Expanding the role of GP’s in breast cancer

In Australia, the General Practitioner’s (GP) primary role is currently in the detection of cancer, management of benign disease and symptom management in palliative care.

But GPs could also play a key role in addressing the gap in the management of women’s pre-surgical work up, treatment planning, active treatment and treatment-related side effects, says Dr Alia Kaderbha, Chair of the breast medicine specific interest group for the Royal Australian College of General Practitioners (RACGP).

Dr Alia Kaderbha

Dr Alia Kaderbha

Dr Alia is a research active GP who participates in breast clinics and assists with surgeries at Monash Health and she is passionate about improving the current service delivery models in breast medicine.

“I believe there are gaps at the interface of GP and specialist care in the treatment of breast cancer.  GPs are ideally placed to manage many of the long term effects of cancer and its treatment, including the psychosocial needs of cancer survivors”, Dr Kaderbhai said.

“GPs are in the best position to be able to facilitate communication between specialists and between the treatment team and the family practitioner”, she said.

“GPs that are recognised with skills in breast medicine would stand to become an extremely valuable asset to the multidisciplinary breast team, providing a skill set that may enhance patient care through all stages from diagnosis, throughout treatment to long-term care for cancer survivors”, Dr Kaderbha said.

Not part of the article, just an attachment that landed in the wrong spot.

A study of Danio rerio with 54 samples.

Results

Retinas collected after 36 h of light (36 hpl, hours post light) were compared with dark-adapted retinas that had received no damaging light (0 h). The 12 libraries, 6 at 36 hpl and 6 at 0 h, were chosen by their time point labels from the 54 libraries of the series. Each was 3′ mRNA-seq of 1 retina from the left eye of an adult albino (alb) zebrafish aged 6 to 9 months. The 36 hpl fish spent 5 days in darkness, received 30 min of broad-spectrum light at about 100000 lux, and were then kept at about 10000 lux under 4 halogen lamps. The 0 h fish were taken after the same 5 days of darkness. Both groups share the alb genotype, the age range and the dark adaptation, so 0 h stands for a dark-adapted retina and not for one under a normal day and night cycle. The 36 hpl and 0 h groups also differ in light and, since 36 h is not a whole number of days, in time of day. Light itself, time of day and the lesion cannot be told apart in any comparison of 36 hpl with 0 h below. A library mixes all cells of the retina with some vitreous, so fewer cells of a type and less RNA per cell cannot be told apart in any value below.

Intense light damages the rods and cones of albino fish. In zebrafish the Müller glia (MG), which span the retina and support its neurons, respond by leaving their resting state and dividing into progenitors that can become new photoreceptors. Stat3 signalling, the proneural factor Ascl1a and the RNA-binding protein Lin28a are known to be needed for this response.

“GPs should be equipped to have a growing role in breast cancer care and control, and developments in education and training should be harnessed to support this goal”, she said.

“The GP can also see the patient through the follow-up phase of care, offering continuity in managing the long-term effects of treatment, including psychosocial issues related to life after breast cancer”, Dr Kaderbha said.

“I envision the future of breast medicine to involve a greater integration and communication between GPs and specialists with evolving shared care,” Dr Kaderbha said.

Around 16,000 women are diagnosed with breast cancer in Australia each year, and of those more than 89% will survive for 5 years or more. (*AIHW estimation of 2016 incidence of female breast cancer).